The BBC this morning reports that many net users are not safety aware. The piece is based on research by Get Safe Online, a UK Government-sponsored initiative to promote internet safety. More details of the survey are here. I’m intrigued by a couple of these figures. Apparently 45% of internet users only connect to “secure” wi-fi networks outside the home. That’s surprising since most public wi-fi is not secured; but why would you trust the security of someone else’s network anyway? I’m in the 55%.
There’s also some figures on passwords, showing that nearly 25% of users have a single password they use everywhere. Even more surprising, another 25% claim to use a different password for every site. It’s a mess either way. We will never get even a moderately secure internet without better authentication.
The key question, as this Get Safe Online press release observes, is about who should take responsibility for online safety – meaning everything from viruses and fraud to predatory chatroom impostors. Here are some popular candidates:
- The ISPs
- The banks (presumably for financial safety)
- The individual
- The security companies – Symantec, Sophos etc.
- The operating system vendor – Apple, Microsoft etc
- The Government – let’s regulate
I guess the answer is “all of the above”, though the role of security software is vastly exaggerated, especially that of anti-virus software which in reality does not work well – see Ed Bott’s recent piece The Sorry State of Security Software.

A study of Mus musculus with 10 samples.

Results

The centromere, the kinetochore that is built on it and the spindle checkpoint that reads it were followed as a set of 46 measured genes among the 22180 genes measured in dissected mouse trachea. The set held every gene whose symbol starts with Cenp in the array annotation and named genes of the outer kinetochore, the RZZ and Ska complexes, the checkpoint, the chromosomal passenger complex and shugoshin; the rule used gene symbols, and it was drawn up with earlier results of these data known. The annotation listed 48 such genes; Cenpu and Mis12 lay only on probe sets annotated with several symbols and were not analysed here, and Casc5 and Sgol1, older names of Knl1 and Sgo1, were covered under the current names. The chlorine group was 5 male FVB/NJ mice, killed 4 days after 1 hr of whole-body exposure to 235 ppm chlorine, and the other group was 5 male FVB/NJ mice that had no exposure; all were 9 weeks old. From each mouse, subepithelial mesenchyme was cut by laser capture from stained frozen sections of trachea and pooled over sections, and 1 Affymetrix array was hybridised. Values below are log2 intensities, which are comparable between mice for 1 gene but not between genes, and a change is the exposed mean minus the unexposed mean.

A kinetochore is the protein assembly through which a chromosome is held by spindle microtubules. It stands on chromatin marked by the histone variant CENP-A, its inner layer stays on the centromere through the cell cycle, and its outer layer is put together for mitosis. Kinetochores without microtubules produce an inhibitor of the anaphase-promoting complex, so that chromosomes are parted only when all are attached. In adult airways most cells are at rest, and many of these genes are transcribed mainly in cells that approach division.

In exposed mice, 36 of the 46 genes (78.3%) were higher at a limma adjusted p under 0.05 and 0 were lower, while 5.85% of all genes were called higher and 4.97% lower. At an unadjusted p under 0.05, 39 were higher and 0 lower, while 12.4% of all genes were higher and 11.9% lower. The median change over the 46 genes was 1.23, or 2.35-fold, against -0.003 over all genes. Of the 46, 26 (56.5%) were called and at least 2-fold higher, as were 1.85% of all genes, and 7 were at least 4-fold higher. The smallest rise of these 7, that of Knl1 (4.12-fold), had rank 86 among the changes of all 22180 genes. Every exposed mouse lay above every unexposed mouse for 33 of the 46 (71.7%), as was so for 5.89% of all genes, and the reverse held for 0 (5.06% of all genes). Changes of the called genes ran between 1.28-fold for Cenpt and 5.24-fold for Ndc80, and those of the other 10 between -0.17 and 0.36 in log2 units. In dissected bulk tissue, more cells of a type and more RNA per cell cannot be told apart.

User education is welcome though anyone with technical knowledge will likely find the homely advice doled out by a site like Get Safe Online frustratingly inadequate. Online safety is difficult for all sorts of reasons. One problem is that users get confronted with decisions they are not equipped to make. Another issue is that even conscientious and informed users are forced to compromise in order to get their work done, like the occasion last week when Thawte advised me to turn off my firewall in order to buy its product.
The Internet will never be safe, but it can be made better. Strong authentication, no more passwords. Digitally signed emails. Networks of trust. Secure operating systems. It’s no good just blaming users, many of them are doing their best.